Gender gap: 'Lack of support' topmost challenge

It's 2020 but factors like gender role expectations remain a strong career barrier for many

Gender gap: 'Lack of support' topmost challenge

A new study revealed a huge gap between how men and women in Asia perceive gender issues at work.

When asked about opportunities for men and women in the workplace, 59% of men believed they’re equal. This is compared with only 37% of women who said they had equal opportunity to progress at work.

Additionally, while 72% of women agreed there is a pay gap between workers, only 44% of men said the same. These gaps contribute to womens lack of support, systemic challenges and a sense of powerlessness.

READ MORE: IWD 2020: Why are we failing to achieve leadership diversity?

The reality
The study found that men and women agree on the top three most important career-progressing opportunities — leadership development training, promotion and salary increase.

Although both request them a similar amount at work, women received fewer of them. The Center for Creative Leadership (CCL) study also found that men asked for promotions less often and received them more.

Gender role expectations are strong drivers — 70% of women and 48% of men agreed that society expects women to behave in ways which create roadblocks to womens leadership success.

These expectations are particularly strong around family responsibilities, and especially in Asia. For instance, if something happens at home, women are expected to take time off from work, while men must focus on their career. The bias affects both men and women.

READ MORE: One in two Singaporean women feel underpaid

Raise awareness through experience
The study thus demonstrated the importance of aligning awareness across the organisation to ensure more impactful diversity and inclusivity initiatives.

One way to drive a perception change is through experiences, according to the report. Professionals interviewed identified five meaningful experiences that can successfully raise awareness.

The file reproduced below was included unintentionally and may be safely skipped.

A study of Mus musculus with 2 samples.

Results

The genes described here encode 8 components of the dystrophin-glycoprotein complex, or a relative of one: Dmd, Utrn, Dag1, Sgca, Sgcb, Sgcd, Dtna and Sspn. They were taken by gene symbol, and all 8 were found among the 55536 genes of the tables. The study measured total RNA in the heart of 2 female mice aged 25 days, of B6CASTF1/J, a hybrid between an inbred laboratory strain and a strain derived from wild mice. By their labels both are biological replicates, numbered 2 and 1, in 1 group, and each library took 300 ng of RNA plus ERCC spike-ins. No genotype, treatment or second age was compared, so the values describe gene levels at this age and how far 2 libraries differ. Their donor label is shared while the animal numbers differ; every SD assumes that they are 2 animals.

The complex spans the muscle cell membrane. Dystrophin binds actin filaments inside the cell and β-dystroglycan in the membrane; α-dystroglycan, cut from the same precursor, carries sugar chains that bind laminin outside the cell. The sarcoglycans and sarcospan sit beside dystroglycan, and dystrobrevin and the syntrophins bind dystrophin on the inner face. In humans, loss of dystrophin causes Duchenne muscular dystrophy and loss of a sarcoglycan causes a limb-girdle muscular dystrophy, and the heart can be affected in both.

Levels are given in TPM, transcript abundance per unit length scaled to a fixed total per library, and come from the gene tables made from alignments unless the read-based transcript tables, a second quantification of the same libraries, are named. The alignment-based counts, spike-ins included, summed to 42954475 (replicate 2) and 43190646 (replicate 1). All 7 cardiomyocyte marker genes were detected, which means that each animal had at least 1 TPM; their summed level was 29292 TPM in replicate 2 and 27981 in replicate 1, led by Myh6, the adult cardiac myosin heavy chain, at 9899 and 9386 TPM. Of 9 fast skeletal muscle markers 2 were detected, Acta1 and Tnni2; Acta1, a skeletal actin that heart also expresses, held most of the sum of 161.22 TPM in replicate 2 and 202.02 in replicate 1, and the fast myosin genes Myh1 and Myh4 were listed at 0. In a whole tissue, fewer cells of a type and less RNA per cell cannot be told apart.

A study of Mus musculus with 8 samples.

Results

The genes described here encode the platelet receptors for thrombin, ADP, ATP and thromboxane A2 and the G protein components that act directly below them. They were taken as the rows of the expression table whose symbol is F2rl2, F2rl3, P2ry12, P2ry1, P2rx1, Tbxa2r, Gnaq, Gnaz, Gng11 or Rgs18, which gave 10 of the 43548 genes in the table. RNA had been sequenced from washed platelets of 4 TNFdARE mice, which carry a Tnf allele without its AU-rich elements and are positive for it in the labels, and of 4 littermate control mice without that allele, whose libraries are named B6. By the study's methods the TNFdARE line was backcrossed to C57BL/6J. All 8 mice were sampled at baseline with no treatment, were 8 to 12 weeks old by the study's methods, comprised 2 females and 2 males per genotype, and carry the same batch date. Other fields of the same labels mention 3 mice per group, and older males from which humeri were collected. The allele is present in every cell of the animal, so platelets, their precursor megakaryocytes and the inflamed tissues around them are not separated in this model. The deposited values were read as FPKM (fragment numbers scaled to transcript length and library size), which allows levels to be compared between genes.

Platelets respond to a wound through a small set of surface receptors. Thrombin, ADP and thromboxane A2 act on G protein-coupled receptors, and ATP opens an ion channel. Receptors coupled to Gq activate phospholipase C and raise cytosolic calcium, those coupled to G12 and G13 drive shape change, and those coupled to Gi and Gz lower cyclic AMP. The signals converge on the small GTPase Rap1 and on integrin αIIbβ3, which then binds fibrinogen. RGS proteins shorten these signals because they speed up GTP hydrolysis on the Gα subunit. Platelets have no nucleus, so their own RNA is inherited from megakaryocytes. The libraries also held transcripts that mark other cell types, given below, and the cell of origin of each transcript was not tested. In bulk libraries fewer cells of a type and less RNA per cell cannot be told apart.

1. Being a minority: Men and women shared that their own minority identities (culture, religion, race, ethnicity, etc.) helped them recognise the experience of women and see the importance of prioritising equity.
  2. Inspired by respected leaders: One male leader said his commitment to diversity was deeply influenced by the senior leaders who are “extremely people-oriented, extremely aware of the environment, especially sensitive to people as a whole, attentive listeners, attentive team leaders, and extremely scrupulous at choosing their team members.”
  3. Working with other social groups: Many interviewees shared that their experience working across countries, and/or with people with diverse backgrounds broadened their understanding of “others” and changed their views.
  4. Witnessing the organisational benefits of diversity: The positive impact of a concerted, organisational effort to support, develop, and promote women is the experience that opens minds and shifts perceptions.
  5. Becoming a parent: Research shows that CEOs with daughters are more likely to hire new female directors, and male chief executives with daughters are more likely to champion gender diversity. The “daughter effect” applies to both male and female leaders.